It may come as a surprise to some, but teens repeatedly say that their parents most influence their decisions in matters of love, relationships and sex. The National Campaign to Prevent Teen and Unplanned Pregnancy bases this conclusion on their own work with teens as well as the work of others across the country.

Parents tell us that they need more information about some of the topics they would like to talk about with their teens. This section is intended to help give you some background information about key issues.

The Facts

Pregnant girl is sitting on the ground, leaning against a brick wall with her legs stretched out in front of her, looking very seriously at camera. You may have already heard the news!

After going down steadily from 1991-2005, teen birth rates for 15-19 year olds started to increase once again! http://www.cdc.gov/features/dsteenpregnancy/

The US teen birth rate continues to be one of the highest in the developed world!

Let’s consider some statistics about teen pregnancy:
  • 3 in 10 girls get pregnant at least once by the time they reach age 20.
  • Current data tells us that approximately 750,000 girls got pregnant last year.

Teen mothers are more likely according to the CDC to drop out of school and remain single parents than women who delay childbearing until the age of 20 to 21 years of age. They are also more likely to live in poverty than other teens.

Also we can’t neglect to mention the influence on the baby. Children of teenage mothers are more likely according to the CDC to:
  • Perform less well on tests showing their cognitive and skill development at the time they enter kindergarten
  • Show behavior problems
  • Have chronic medical conditions
  • Be in prison at some time during adolescence through their early 30s
  • Drop out of high school, give birth as a teenager and be unemployed or underemployed as a young adult.

For more information about teen pregnancy, see:


Talk to Your Children

Talk to your children about teen pregnancy. Many teens we talk with have never had the chance to hear their parents’ views about teen pregnancy. Don’t be afraid to bring the topic. Most likely this is not the first time your child has heard talk about it.

In fact, she or he may have just seen something about a pregnant teen on the Internet or watched a TV show or seen a movie where there was a teen parent or someone was discussing teen parenthood. Discuss some of these media examples. Also, if you know a real life example of someone who has been a teen parent, talk about how life as a typical teenager changed when that person became a parent.

This is a time to share your own values and feelings about this subject. It’s also a time to talk about your child’s future and discuss together the hopes and dreams both of you have. Examine how life would change if your child were to become a teen parent.

If you’re the parent of a male child, it’s just as important for you to talk about teen pregnancy as the parent of a female. Contrary to what many teen males think, many girls decide to keep their babies. Your young man can find himself a father with lots of responsibilities, not to mention financial concerns.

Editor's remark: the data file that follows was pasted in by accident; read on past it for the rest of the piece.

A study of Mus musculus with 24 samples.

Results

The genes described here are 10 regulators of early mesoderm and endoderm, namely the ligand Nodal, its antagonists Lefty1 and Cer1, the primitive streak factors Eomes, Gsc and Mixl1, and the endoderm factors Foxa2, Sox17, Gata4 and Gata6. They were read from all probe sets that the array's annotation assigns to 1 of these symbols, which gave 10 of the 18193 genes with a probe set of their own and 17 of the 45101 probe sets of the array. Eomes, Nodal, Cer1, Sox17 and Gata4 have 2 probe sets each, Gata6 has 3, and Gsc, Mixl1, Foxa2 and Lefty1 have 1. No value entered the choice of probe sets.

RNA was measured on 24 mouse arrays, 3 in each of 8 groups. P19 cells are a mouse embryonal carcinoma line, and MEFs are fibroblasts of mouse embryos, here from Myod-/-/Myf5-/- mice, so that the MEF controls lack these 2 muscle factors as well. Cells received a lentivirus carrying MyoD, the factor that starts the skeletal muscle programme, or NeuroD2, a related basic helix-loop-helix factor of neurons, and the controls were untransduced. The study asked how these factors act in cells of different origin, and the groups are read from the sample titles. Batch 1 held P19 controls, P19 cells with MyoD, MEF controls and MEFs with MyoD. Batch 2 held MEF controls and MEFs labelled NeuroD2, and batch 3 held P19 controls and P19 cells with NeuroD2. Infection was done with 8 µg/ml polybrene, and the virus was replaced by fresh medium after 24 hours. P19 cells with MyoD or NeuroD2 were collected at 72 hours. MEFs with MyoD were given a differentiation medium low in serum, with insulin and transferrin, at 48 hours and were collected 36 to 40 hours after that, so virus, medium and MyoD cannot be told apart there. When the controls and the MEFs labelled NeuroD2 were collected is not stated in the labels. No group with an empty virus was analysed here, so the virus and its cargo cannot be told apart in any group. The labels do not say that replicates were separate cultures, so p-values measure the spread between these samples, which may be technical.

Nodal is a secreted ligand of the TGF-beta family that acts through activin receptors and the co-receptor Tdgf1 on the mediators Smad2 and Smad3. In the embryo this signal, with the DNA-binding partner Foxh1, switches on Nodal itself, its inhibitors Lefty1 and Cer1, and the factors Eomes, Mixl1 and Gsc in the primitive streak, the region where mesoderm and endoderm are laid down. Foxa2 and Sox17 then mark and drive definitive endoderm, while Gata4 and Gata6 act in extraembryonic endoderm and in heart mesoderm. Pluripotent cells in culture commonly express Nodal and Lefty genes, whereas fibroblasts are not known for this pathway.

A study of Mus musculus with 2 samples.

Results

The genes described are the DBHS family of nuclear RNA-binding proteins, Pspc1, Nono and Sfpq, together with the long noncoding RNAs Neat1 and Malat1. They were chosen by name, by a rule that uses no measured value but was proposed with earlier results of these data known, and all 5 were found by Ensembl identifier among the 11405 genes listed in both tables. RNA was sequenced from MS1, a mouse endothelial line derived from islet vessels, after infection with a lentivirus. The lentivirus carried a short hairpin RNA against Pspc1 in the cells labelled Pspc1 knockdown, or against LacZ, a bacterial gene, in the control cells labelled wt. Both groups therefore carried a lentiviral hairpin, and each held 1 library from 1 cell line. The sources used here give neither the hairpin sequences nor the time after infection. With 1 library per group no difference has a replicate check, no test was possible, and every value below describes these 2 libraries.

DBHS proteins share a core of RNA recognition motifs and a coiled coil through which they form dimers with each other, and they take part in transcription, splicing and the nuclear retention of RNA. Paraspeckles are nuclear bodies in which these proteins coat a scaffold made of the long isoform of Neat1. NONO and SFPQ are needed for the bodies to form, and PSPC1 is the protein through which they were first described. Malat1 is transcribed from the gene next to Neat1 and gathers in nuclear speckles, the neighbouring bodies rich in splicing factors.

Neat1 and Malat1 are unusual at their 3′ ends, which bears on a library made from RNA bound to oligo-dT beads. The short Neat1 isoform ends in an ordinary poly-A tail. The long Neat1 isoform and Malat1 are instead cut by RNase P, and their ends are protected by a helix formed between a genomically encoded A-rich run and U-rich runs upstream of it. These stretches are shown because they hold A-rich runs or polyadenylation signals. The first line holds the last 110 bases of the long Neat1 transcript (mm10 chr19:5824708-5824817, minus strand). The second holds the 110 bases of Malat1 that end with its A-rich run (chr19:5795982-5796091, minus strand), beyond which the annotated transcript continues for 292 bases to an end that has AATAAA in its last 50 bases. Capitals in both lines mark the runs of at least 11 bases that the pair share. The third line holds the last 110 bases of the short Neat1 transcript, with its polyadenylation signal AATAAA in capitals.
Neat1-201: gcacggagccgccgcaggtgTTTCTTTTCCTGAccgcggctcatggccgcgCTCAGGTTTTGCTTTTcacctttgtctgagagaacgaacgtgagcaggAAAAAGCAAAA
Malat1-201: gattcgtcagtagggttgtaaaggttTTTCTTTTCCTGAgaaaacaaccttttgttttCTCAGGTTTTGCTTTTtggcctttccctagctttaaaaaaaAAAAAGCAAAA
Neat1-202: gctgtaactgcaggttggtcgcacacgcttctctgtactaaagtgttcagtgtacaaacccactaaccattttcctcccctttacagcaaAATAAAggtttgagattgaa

This teen-produced poster shows a pregnant boy with the words across the top, “Would You Think Twice If This Is How It Ended?” and at the bottom, “Stop.Think. Wait.”


Some Statistics to Ponder

It has become more important than ever for parents to talk about pregnancy to their teens. Consider these findings that the Centers for Disease Control and Prevention released in June 2010 based on a large national survey:

  • Less than half of never-married teen males (47%) reported they would be “very upset” if they got a partner pregnant
  • A little over half (58%) of never-married teen females said they would be “very upset” if they got pregnant
  • In fact, almost a quarter (22%) of sexually experienced teen girls said they would be “a little pleased” or “very pleased” if they were to get pregnant.
  • Almost a quarter (24%) of sexually experienced teen boys said they would be “ a little pleased” or “very pleased” if they were to get a partner pregnant.

For more information, see: http://www.cdc.gov/media/pressrel/2010/r100602.htm

These results are very troubling. Many teens today seem to feel that pregnancy is not such a big deal. In fact it would be quite welcome to some.

These findings are well worth exploring with your own child. How does he or she feel about pregnancy and parenting? How does your teen think life might change if they were to become a parent?


Resources for Talking about Teen Pregnancy

For more ideas about how to talk to your teens about pregnancy in video, audio and print check out the National Campaign to Prevent Teen and Unplanned Pregnancy. There you will find a variety of resources in both English and Spanish.

Among the resources the National Campaign offers is a document that gives a quick and easy summary of advice that teens from all over the country have said they would give to parents so that they could help their children avoid a pregnancy. This advice has been gathered by the campaign over the past 15 years.